Drift happens

Drift happens

Tell EPA their new “spray drift” rules need to be stronger. It’s high time to protect rural kids from drifting pesticides. Take action »

Build buzz for bees

Build buzz for bees

Bees are responsible for one in three bites of food we eat, and they're still in trouble. But with your support, we're building powerful momentum to protect them! Donate today »

Stop the DARK Act!

Stop the DARK Act!

Have you heard? Monsanto & Co. are at it again... Tell Congress we have a right to know what’s in our food and how it’s grown. Take action now »

Climate change & agriculture

Climate change & agriculture

A new report from the UN Intergovernmental Panel on Climate Change underscores the need for global sustainable agriculture. Learn more »

Beyond autism awareness

Beyond autism awareness

1 in 68 U.S. children is now on the autism spectrum. This Autism Awareness Month, let's talk prevention. Learn more »

Stand with farmworkers!

Stand with farmworkers!

Across the country, communities are finding creative ways to honor and support U.S. farmworkers. Join us »

Marcia Ishii-Eiteman's picture

Last month, the 2013 World Food Prize was bestowed on Monsanto and Syngenta in recognition of their development of genetically engineered seed technologies. The news shocked the sustainable food and farming community — driving farmers, people’s movement leaders, reknowned scientists and development experts the world over to express their outrage and dismay.

Many excellent responses blasting the decision have been published (here, here and here). Perhaps the most powerful rebuke came from 81 laureates of the Right Livelihood Award and members of the prestigious World Food Council, who shredded the Prize organizers’ argument that GE seeds are feeding the world.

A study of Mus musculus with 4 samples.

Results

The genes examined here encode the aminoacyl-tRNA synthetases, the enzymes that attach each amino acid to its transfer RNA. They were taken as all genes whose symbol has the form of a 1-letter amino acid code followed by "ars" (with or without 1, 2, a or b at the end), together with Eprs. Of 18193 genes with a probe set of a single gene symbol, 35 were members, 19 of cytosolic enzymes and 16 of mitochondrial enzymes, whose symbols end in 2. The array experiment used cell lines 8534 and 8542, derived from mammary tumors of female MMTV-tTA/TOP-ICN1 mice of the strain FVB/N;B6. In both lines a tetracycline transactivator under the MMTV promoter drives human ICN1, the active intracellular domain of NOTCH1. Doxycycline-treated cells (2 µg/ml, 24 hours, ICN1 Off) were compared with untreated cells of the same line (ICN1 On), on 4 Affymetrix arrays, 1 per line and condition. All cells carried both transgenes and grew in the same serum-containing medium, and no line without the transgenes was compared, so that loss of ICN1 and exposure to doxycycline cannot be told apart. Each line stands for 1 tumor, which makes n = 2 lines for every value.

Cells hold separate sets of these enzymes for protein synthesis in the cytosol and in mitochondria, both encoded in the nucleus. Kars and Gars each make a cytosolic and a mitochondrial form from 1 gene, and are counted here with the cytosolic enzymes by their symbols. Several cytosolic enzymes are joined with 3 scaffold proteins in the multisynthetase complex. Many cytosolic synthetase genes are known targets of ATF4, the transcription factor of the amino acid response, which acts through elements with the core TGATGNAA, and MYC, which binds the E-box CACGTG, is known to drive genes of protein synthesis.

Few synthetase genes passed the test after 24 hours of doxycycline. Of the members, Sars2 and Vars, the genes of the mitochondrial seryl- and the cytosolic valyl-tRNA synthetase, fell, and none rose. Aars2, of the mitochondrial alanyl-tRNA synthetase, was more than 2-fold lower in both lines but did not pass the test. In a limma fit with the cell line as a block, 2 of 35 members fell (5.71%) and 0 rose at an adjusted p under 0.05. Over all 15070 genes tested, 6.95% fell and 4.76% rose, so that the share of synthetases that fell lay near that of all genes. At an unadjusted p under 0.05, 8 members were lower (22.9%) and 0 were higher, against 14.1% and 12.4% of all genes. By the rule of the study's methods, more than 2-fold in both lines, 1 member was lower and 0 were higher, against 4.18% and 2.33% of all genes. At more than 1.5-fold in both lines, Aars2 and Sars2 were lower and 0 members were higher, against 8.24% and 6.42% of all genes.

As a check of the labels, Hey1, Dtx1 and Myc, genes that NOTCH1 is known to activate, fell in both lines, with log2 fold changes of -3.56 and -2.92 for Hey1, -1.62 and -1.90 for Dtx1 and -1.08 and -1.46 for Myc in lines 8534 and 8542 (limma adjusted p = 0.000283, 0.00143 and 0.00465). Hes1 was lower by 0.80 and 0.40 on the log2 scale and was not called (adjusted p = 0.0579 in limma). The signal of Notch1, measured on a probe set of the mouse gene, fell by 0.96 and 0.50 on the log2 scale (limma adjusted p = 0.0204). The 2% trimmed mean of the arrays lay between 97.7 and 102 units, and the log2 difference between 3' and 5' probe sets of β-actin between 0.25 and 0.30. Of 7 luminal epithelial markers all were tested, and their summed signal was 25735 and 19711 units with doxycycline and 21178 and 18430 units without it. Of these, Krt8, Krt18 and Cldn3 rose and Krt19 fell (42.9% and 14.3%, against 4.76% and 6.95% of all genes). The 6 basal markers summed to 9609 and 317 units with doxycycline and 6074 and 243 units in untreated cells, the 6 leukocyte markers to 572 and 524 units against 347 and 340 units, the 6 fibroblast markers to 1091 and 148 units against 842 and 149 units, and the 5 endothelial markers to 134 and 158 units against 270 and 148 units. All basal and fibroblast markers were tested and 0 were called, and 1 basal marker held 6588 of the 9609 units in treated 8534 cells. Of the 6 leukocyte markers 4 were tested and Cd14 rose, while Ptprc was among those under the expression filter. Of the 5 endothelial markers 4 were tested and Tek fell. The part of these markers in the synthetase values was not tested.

Pesticide Action Network's picture

The little herbicide that could. That's what comes to mind as EPA proposes to up the residue levels of RoundUp allowed on food — despite a fresh round of studies pointing to possible human health effects from exposure.

The latest science examines links between Monsanto's flagship product and endocrine disruption, including a laboratory study that suggests an effect on cells similar to that of estrogen — a hormone that plays a role in stimulating breast cancer. PAN scientists are taking a careful look at these findings; given the widespread use of RoundUp (more than 180 million pounds every year) the public health implications could be dramatic.

Pesticide Action Network's picture

Many scientists rank biodiversity loss very high on their list of urgent global concerns. Chemical contaminants have long been understood as an important driver, but empirical evidence on a large scale has been sparse.

A new study published in the Proceedings of the National Academy of Sciences provides compelling data to fill this gap. Researchers found that biodiversity dropped in pesticide-laden streams in three countries: Germany, France and Australia.

Zen Honeycutt's picture

Moms Across America was born when I realized it was time to stop wishing I could do something about GMOs and just start doing it. Deeply inspired by Robyn O'Brien's Patriotism on a Plate TED talk about food and health and Pamm Larry's efforts to get Prop 37 on the ballot in California, I realized it was time for me to step up and make a difference too.

I connected with fellow mom and co-founder Kathleen Hallal, the California State Grange and the folks at LabelGMOs.org to create a national volunteer coalition of unstoppable moms pressing for GMO labeling. This 4th of July, moms will be marching for GMO labeling in 156 parades (so far!) in towns across the country. Please join us!

Margaret Reeves's picture

Here we go again. After the 2012 fiasco in which Congress failed to pass a Farm Bill at the 11th hour, the Senate rallied early this month to pass its version of the national food and farming legislation — which is up for debate and renewal every five years.

Ten days later, the Farm Bill died again when the House failed to pass its own version of the 2013 bill. It’s not clear exactly what’s up next. But we're rolling up our sleeves — again — to press for the best legislation possible, and we fully hope and expect that Congress will pass a Farm Bill this year.